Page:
NEWTON, NJ – Town council allowed a public hearing on a landlord responsibility ordinance to go on for more than two and a half hours before a close vote put the ordinance on the books on Wednesday, May 29.

Mayor Sandra Lee Diglio and council members Kristen Becker and Daniel Flynn voted for the ordinance. Deputy Mayor Joseph Ricciardo and Councilman Kevin Elvidge voted against it. Ricciardo said he could not  vote for it in its present form.

Special Officer Donald Donofrio, who now also owns property in town, said after listening to the discussion during the meeting said, "It sounds like the ordinance could use some tweaking. It’s not the end of the world if it doesn’t get adopted tonight.”


“I believe this is actually directed at rooming houses,” Herb Frazier said.

The ordinance indicates the owners of building with between one and four apartments are actually eligible for certain controls from the town. State law doesn’t allow municipalities to impose these controls on larger rental units or rooming houses, although Senator Steve Oroho introduced a bill in the legislature to allow for more local control of rooming houses.

“What about the Spring House?” Frazier said, referring to a municipally-owned building for low-income residents.

“It’s a hotel and it’s governed by the state,” Becker told him.

The controversial part of the ordinance was seen by many landlords as holding them responsible for actions by tenants or guests of tenants that they have no control over.

The ordinance calls on landlords to post a bond of between $500 and $5,000 once a tenant has been convicted of a second crime.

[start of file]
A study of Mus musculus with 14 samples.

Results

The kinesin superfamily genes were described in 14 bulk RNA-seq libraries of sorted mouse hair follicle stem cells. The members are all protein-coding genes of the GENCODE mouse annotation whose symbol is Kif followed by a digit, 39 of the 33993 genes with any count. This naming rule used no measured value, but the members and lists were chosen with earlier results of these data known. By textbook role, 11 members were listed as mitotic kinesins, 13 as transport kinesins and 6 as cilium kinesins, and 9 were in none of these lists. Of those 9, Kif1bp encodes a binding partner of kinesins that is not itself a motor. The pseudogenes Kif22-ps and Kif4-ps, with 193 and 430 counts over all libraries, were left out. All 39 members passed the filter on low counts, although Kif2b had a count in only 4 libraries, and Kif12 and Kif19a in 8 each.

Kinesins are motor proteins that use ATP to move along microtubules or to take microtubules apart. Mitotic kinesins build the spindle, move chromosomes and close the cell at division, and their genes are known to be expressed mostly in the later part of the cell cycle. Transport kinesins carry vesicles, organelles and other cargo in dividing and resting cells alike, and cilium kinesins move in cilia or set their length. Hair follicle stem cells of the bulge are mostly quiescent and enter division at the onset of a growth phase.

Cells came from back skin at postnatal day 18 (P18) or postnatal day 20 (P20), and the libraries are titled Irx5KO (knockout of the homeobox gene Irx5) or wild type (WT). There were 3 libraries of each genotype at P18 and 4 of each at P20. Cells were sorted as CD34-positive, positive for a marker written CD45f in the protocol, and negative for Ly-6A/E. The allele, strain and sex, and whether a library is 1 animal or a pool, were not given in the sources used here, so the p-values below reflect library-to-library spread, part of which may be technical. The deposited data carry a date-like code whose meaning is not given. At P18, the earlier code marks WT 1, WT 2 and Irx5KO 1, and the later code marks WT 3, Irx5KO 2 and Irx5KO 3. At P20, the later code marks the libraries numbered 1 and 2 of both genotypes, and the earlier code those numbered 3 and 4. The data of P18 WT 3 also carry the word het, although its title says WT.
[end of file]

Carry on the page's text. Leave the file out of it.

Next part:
Some landlords said they screened their tenants carefully and have never had problems.

John Ragsdale said he researches everyone who applies for one of his apartments, “It’s not hard and it’s not expensive,” he said, adding, “and it’s all provided for under the law."

Landlord John Nuss said the state Attorney General has regulations on landlords turning down prospective tenants. “It’s discrimination,” he said of turning down a prospective tenants because of a criminal record.

David D’Auria said he did background checks on all his tenants, but he has had tenants stay for as long as eight years. “The background checks were eight years ago. I don’t know what the tenants are doing tonight because I’m here, not checking on them”

Many landlords said they do check on their tenants, but some do not live nearby.

Roman Osadca has a Newton mailing address, but lives in Frelinghuysen Township, Warren County. He said “once in a while something happens you don’t expect.” He cited a domestic dispute as a problem a landlord can’t foresee.

Council assured the landlords they could have a hearing on their fines should the fines be imposed.

Another assurance was that the crime would have to be committed by the tenant. Landlords disputed that saying on occasion a tenant will move in a significant other without telling the landlord.